Amsterdam, where in ten minutes you’re out of the city and cycling.

Casting my eye along the street here in Amsterdam, and seeing only one parked car for every twenty or thirty houses, I am reminded that cities don’t have a problem with cars. They have a problem with suburbs. The low number of cars in this city is largely because there are fewer suburbs, sending cars in. With that thought in mind, I want to tell those of you who may be in Amsterdam after Velo-City 2017, to get the hell out. It’s not a half day ride to the edge of the city. You’ll be out of town in ten minutes. I think it’s the thing I love most here. I don’t feel as though I’m trapped in a coop, as one can feel, say, in Bondi or Manhattan.

Plans to head down to Nijmegen today were thwarted by news that, before I can go to Colombia shortly, I would need a few jabs, for which I had to make an appointment. With my day shot I kitted up for a heads-down-bum-up ride to Marken, a former sea port now trapped in a lake and kept as a twee spot to take tourists. The ride up there, in my opinion, is the nicest leg stretch in any direction from Amsterdam.

Marking city limits is Cycle You. If there’s a hub there without SON or Rohloff written on it, it’s some newer brand that costs even more. You’re going places now you can’t just wheel your bike back from if something goes wrong, you’re going way the hell out to the polders—though in terms of its distance from the centre, even your furthest point, Marken, would be closer than Ikea to the centre of Sydney.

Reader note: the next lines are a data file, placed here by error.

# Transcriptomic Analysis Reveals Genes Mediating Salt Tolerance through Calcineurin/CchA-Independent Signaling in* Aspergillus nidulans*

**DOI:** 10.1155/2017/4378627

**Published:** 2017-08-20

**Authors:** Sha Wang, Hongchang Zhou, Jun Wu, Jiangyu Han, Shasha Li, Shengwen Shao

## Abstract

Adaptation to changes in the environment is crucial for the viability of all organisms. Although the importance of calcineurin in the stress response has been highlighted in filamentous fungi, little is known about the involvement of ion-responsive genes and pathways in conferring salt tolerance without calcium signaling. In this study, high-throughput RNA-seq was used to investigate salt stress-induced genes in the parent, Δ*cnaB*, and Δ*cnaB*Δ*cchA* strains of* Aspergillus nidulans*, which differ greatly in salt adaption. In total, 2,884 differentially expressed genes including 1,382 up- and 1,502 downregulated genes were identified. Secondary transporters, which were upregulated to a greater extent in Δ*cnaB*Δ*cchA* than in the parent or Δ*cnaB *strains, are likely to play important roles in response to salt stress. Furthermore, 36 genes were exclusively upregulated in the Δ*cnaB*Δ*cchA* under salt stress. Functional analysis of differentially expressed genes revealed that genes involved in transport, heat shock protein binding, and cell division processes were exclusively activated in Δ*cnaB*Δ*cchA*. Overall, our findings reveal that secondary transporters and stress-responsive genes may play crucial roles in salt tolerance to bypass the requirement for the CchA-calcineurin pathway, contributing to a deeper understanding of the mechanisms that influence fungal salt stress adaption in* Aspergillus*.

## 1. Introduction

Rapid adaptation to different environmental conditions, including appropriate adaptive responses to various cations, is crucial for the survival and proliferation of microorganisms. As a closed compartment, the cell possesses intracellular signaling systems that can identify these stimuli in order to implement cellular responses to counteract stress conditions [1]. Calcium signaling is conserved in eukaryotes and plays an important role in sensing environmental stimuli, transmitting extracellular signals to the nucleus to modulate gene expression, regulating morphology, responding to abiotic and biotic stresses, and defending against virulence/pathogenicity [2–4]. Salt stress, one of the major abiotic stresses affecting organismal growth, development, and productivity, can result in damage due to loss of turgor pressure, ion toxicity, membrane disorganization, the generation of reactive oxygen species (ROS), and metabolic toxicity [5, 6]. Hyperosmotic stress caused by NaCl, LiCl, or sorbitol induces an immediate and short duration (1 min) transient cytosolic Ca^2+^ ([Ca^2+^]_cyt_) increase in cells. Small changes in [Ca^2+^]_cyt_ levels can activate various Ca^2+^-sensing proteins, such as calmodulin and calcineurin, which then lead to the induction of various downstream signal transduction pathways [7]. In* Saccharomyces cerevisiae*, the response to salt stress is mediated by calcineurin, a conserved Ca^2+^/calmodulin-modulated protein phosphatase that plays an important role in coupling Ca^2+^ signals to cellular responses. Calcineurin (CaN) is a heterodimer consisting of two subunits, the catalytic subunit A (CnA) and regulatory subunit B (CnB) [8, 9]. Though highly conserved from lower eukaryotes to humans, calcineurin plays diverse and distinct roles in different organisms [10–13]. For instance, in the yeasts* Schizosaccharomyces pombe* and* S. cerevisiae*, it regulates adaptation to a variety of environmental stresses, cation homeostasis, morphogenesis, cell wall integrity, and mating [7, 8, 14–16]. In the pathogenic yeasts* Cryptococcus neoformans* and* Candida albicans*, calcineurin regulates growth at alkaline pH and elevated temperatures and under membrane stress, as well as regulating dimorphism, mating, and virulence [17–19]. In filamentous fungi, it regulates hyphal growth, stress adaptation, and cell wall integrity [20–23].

Long rows of kept cottages with their own jetties give way to long stretches of levee and before you know there’s a clog shop and lost tourists, and you know you’re in Marken. The ride back into the wind gives you plenty of time to assess the hand full of tall buildings sprouting from Amsterdam.

The question to pose to lovers of suburbs is this: would you rather live in a city that doesn’t have traffic and that you can escape in ten minutes, or be trapped by others’ cars and horizons of sprawl with your own little back yard and two trees? I can only speak for myself when I say a quarter acre of nature that I stare at forever is my definition of Hell. I’ve got a thing for open space. Real open space. The kind you find outside of the city. And the more compact the city, the more readily that open space is available to me.

I suppose that since it is being launched in less than 24 hours, I should give a plug for my new book. I’ll be signing copies tomorrow at the Bicycle Architecture Biennale I curated and that is being staged by my CycleSpace partners. You can get a small taste with this preview.


  1. troy says:

    Perfectly illustrated. In Melbourne you need to suffer PT Vic and hope you can get your bike on a V-Line train for two hours to leap frog the gigantic suburban scab encrusted around the city before you’re anywhere good.

  2. Prof Squire says:

    Why aren’t the open spaces ten minutes from these cities all crowded? Are you unusual in craving wilderness? Is everyone else in this compact city happy to stay within it’s confines, perhaps watching Bear Grills doing their wilderness for them?

    • Steven says:

      Good point! In summer a lot of people enjoy swimming in the canals, but that’s not wilderness. But then neither is the countryside, really. It’s all manufactured. To be perfectly frank, I couldn’t there.